Heart Disease: Treatment And Diagnosis - KMPH FOX 26 | Central San Joaquin Valley News Source


It is important to have your cardiac or heart status checked at regular intervals. Initially, this is part of your annual physical examination with your physician. During your visit, you should tell the physician about any family members who had or have heart disease.

Your physician will determine which tests are necessary for you to have to determine the present status of your heart. The most common tests check the function of your heart and the flow of blood in your body.

For example, you may be asked to have blood drawn and have an electrocardiogram (EKG) done. Other tests maybe ordered by your doctor.

The best treatment for heart disease is prevention. There are identified risk factors, which if avoided can prevent heart disease.
In other words you need to change unhealthy habits. Making changes to reduce risks can help your heart from getting worse and in some cases even improve the health of you heart.

Lifestyle styles changes are focused on decreasing or eliminating risk factors.
•    If you smoke, stop
•    If you have high blood pressure, eat heart healthy foods and exercise
•    If you have high blood cholesterol, eat heart healthy food and exercise
•    If you do not exercise, start
•    If you are overweight, lose it, eat healthy and exercise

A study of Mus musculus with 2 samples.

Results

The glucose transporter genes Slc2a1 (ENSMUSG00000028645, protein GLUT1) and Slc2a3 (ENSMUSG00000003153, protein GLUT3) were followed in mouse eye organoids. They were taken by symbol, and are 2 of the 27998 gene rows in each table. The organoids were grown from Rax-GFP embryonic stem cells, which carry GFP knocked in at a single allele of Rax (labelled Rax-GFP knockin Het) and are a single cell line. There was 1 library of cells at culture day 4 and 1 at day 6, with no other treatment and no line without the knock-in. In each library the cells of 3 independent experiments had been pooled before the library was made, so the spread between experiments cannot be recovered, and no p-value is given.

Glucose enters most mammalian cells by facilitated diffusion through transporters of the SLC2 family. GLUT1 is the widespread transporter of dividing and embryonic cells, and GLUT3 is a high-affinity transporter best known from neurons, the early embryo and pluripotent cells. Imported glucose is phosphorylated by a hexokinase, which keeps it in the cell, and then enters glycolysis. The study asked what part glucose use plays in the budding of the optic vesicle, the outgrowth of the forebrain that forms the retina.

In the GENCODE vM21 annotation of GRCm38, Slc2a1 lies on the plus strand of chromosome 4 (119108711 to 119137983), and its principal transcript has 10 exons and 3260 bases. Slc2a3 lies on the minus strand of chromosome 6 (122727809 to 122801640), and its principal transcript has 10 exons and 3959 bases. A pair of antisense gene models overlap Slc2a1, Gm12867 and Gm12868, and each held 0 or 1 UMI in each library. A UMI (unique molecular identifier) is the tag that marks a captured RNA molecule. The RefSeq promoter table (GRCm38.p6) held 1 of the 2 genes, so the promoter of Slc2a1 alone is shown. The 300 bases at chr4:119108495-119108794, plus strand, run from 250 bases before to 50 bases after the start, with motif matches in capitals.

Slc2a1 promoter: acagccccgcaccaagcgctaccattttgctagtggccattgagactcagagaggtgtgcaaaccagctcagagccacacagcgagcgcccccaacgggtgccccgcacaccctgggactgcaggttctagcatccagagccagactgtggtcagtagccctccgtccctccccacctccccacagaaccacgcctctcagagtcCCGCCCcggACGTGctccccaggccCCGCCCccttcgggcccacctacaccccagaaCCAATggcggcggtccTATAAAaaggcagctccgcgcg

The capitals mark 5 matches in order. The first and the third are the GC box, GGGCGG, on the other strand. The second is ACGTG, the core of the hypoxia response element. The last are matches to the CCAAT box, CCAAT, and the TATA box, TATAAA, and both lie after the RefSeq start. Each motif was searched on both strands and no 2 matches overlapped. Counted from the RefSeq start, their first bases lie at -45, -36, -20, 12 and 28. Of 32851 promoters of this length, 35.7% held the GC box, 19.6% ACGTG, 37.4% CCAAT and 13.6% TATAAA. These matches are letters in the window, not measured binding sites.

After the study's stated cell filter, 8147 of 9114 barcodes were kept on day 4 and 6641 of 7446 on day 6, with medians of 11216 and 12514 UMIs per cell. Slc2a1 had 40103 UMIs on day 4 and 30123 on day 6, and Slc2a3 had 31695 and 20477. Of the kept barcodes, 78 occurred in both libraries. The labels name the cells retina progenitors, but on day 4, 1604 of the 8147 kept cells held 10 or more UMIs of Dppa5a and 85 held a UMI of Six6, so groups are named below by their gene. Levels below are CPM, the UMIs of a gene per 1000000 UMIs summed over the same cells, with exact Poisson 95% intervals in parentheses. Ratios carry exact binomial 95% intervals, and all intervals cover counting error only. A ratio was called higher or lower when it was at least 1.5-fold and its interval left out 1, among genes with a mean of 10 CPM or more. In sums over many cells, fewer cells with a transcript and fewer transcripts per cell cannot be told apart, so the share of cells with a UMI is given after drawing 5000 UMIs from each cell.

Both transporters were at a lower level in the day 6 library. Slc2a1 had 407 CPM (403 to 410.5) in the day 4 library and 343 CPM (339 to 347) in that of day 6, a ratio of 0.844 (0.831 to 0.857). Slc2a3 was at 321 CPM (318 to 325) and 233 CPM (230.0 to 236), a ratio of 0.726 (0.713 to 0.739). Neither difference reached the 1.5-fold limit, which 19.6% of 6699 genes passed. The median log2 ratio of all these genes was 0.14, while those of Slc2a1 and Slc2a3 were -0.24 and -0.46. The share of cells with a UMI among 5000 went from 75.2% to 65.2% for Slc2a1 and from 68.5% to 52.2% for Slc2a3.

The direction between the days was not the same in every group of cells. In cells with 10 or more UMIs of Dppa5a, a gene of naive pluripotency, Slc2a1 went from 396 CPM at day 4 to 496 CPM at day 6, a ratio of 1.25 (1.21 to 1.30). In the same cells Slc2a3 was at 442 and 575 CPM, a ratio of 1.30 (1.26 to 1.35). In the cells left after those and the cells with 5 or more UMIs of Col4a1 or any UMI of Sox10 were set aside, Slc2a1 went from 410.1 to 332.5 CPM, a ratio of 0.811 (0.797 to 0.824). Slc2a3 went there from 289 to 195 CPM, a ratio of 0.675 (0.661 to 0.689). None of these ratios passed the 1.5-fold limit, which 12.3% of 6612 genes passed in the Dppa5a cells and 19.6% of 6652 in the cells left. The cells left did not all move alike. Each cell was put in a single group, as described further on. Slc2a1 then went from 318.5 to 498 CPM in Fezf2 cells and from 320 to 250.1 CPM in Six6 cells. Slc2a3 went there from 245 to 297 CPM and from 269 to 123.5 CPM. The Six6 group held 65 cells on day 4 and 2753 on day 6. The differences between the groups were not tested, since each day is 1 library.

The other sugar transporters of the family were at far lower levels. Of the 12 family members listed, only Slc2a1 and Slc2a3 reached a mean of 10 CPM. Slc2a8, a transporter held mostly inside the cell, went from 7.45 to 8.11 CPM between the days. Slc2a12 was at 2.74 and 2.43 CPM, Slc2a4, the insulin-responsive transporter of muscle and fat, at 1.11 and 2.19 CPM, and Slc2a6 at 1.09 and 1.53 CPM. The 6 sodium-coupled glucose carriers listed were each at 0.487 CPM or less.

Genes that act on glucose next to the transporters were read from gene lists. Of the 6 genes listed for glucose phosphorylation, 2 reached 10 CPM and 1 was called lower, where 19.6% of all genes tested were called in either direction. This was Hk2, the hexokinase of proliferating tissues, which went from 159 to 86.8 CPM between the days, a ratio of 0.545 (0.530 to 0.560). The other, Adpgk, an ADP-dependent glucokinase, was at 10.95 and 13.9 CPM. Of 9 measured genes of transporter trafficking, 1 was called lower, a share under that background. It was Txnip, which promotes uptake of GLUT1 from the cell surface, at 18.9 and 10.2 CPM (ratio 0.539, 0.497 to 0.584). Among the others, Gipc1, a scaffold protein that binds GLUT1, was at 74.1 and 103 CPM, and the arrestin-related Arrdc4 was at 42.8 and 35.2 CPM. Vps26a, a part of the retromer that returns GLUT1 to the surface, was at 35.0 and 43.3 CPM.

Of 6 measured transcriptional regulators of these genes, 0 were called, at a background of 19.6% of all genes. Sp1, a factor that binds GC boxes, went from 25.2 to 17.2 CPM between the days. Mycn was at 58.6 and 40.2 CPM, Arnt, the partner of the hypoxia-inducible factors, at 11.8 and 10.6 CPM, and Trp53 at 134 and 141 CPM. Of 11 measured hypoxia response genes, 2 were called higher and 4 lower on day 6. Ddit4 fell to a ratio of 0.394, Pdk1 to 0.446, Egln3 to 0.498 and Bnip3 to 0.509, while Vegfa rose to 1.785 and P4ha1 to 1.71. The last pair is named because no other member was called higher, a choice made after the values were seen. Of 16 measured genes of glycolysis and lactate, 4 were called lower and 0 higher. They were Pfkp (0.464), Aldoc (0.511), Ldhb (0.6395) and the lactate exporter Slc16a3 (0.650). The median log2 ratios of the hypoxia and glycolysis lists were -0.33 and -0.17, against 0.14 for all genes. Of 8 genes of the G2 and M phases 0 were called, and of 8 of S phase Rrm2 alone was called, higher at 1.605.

•    If you are under stress, explore ways to decrease stress and exercise
•    If you have diabetes, follow the treatment plan prescribed for you.

Medical Treatment
Your physician may determine that your heart disease can be treated with a combination of diet, exercise, and possibly medication.

Your diet will be changed so that you can lower your cholesterol, improve your blood pressure, and lose weight. Eating less fat and salt, and eating more fiber is essential. Your doctor may suggest that you see a dietician to assist you with meal planning.

Your exercise routine can be a simple as walking regularly, for example 30 minutes daily. You should build up slowly and begin exercising at least 3 times per week. Your final goal should be exercising four to five times per week for 20-40 minutes.

Should your physician prescribe medication for you to take, be sure to follow the directions. Ask your physician if there are any side effects you should be aware of.

Interventional Treatment
Procedures can be used to treat chest pain or angina, and coronary artery disease. These include balloon angioplasty, atherectomy (rotoblation), and stent placement

Surgical Treatment
Coronary Artery Bypass surgery is the most common heart surgery performed. The surgery creates a new route for blood to flow to your heart.